Origins of the Pink Garlic of Lautrec

Pink Garlic was introduced to Lautrec during the Middle-Ages.

Pink Garlic of Lautrec
Pink Garlic of Lautrec

Legend has it that a peddler stopped over in an inn located at a place called l’Oustallarié.

However, short of money, he settled his accommodation with garlic cloves.

The innkeeper planted the cloves and soon seduced by the taste and colour of this unknown plant, started to grow pink garlic!

Garlic is native to Central Asia where its medicinal qualities and taste were already recognized more than 5000 years ago.

Nomadic tribes exported it to the Far East, Middle East and Southern Europe as a currency of exchange.

Christopher Columbus exported it to South America, the Romans and the Vikings introduced it to Western Europe, and our peddler to Lautrec!

Pink Garlic of Lautrec characteristics

The pink garlic of Lautrec has a very rigid stalk which has wonderfully adapted to the local clay and limestone soil.

Pink Garlic of Lautrec
Pink Garlic of Lautrec

Once harvested it is left to dry for at least two weeks.

It is then peeled to the last skin in order to expose its delicate pink colour.

The long stalks are then grouped into plaits or manouilles.

The Pink Garlic of Lautrec is a great commercial success.

It was cultivated on a small scale until the 1950’s when young producers decided to promote it and improve the traditional methods.

In order to do so, they founded the Syndicat de Défense du Label Ail Rose de Lautrec in 1959.

The Pink Garlic of Lautrec is renowned for its delicate taste and for its ability to keep from one crop to another when stored at a constant temperature of 12ºc to 15ºc.

Want to check? Try this delicious garlic soup recipe

Pink Garlic of Lautrec’s labels

These qualities owed it the prestigious Label Rouge (Red Label) in 1966.

The Pink Garlic of Lautrec was indeed one of the first agricultural products to be granted this label which guarantees the quality and origin of production.

In the 1990s the producers created ‘certified seeds of Pink Garlic of Lautrec’.

They used the traditional species Forain in order to create several varieties such as Iberos, Goulurose, Edenrose and Jardirose which produces an average crop of 5 to 6 tons per hectare.

In 1996, the Pink Garlic of Lautrec received the IPG or Certificat d’Identification Geograhique Protégée (certificate of protected geographical identification.)

This European label essentially applies to agricultural products.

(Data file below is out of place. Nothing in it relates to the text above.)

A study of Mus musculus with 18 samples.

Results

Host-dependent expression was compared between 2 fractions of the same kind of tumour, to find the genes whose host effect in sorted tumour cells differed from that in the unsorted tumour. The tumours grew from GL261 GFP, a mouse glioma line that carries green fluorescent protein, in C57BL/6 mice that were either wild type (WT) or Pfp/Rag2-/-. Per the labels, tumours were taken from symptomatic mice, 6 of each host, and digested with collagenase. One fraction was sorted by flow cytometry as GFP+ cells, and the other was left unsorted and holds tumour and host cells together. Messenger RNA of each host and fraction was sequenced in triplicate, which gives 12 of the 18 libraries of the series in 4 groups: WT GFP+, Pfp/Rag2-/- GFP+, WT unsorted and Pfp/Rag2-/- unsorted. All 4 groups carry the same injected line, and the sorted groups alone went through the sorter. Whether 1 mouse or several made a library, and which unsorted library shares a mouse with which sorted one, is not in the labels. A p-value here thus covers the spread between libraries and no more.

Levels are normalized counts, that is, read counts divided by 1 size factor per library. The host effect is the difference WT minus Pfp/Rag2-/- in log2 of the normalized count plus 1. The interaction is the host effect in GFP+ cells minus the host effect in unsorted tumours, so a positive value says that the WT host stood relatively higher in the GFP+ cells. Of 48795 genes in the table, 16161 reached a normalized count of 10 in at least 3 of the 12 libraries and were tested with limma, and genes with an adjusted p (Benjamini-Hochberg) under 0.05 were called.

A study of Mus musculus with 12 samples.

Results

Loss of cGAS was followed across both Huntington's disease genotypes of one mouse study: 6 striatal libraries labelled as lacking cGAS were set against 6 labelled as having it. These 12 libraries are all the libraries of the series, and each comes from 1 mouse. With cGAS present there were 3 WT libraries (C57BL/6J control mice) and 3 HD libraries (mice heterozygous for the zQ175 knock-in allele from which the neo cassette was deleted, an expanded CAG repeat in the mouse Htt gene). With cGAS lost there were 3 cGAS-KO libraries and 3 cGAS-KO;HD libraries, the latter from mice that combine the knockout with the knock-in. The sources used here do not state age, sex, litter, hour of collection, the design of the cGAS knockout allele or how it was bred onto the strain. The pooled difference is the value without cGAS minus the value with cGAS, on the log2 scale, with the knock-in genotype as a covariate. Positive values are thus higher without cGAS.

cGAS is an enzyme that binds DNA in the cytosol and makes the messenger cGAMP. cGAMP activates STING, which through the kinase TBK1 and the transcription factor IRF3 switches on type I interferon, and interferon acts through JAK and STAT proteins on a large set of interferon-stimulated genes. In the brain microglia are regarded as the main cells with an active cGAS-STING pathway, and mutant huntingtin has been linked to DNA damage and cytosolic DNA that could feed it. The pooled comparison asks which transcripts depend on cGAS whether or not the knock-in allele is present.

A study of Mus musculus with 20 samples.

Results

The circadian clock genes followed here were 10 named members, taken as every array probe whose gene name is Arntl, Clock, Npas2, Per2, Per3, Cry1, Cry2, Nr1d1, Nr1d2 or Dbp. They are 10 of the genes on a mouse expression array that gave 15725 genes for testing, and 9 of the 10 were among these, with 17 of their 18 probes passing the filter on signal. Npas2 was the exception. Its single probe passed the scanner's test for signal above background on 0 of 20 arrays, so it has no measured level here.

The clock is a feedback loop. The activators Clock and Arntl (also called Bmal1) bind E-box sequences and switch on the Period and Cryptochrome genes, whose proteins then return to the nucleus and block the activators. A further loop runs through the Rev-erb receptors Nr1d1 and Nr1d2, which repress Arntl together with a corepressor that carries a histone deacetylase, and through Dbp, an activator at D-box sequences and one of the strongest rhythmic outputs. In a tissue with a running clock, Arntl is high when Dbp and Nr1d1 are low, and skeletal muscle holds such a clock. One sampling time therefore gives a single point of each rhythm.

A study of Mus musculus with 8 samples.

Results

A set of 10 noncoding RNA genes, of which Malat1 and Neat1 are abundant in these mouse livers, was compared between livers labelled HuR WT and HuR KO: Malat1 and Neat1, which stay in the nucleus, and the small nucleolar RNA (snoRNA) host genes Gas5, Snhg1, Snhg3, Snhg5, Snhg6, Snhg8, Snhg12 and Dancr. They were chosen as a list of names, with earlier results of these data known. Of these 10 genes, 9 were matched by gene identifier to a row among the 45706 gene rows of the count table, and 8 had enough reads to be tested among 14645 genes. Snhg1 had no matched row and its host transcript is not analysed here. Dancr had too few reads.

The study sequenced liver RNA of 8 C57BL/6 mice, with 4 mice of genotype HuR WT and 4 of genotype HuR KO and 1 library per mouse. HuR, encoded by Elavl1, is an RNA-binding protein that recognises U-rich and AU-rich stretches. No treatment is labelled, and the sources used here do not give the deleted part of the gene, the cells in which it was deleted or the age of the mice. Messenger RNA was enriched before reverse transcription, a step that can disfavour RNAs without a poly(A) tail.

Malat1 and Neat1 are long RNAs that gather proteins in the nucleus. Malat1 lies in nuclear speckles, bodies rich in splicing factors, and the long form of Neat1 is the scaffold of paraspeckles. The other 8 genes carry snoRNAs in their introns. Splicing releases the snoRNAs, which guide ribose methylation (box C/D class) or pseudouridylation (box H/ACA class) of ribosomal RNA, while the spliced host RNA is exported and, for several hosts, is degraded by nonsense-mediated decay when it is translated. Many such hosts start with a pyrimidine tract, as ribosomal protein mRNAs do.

It guarantees that they are produced in a designated area, grown within the framework of the IGP specifications and checked by an awarding body.

The Pink Garlic of Lautrec is therefore grown in accordance with strict specifications.

These include the conditions of seed preparation, planting dates, crop rotation, amount of fertilizer, harvest dates, conditions of drying, sorting and packaging.

The certified area Red Label – PGI Pink Garlic of Lautrec covers an area of 360 hectares spread over 88 municipalities in the south-west of the Tarn department.

Pink Garlic Festival

The Pink Garlic of Lautrec Festival was founded in 1970 in order to mark the beginning of the marketing period.

It takes place on the first Friday of August and groups many events and competitions (such as the longest plait or manouille).

Then come the traditional tasting of garlic soup and an open-air dance.

Tourists, holidaymakers and locals crowd the medieval lanes of Lautrec.

Market stalls shaded by large colourful parasols crumble under mountains of pink garlic and other regional products.

The air is saturated with the smell of garlic, fruits and flowers.

A joyous crowd moves from stall to stall.

Some meet friends and family, others chat with the stall owners and all enjoying the warm summer day.

Brotherhood of the Pink Garlic of Lautrec

The Syndicat de Défense du Label Ail Rose de Lautrec founded the Confrérie de l’Ail Rose de Lautrec in 2000 in order to promote the Pink Garlic, the region and its culinary traditions.

The organization has nearly 200 members who are formally received into the Brotherhood during the Festival.

They are dressed in long colourful robes and wear hats in order to take part of these annual ceremonies.

They then mingle with the crowd in order to participate in the joyous festivities.

Not to be missed if you happen to be on holiday in this beautiful region.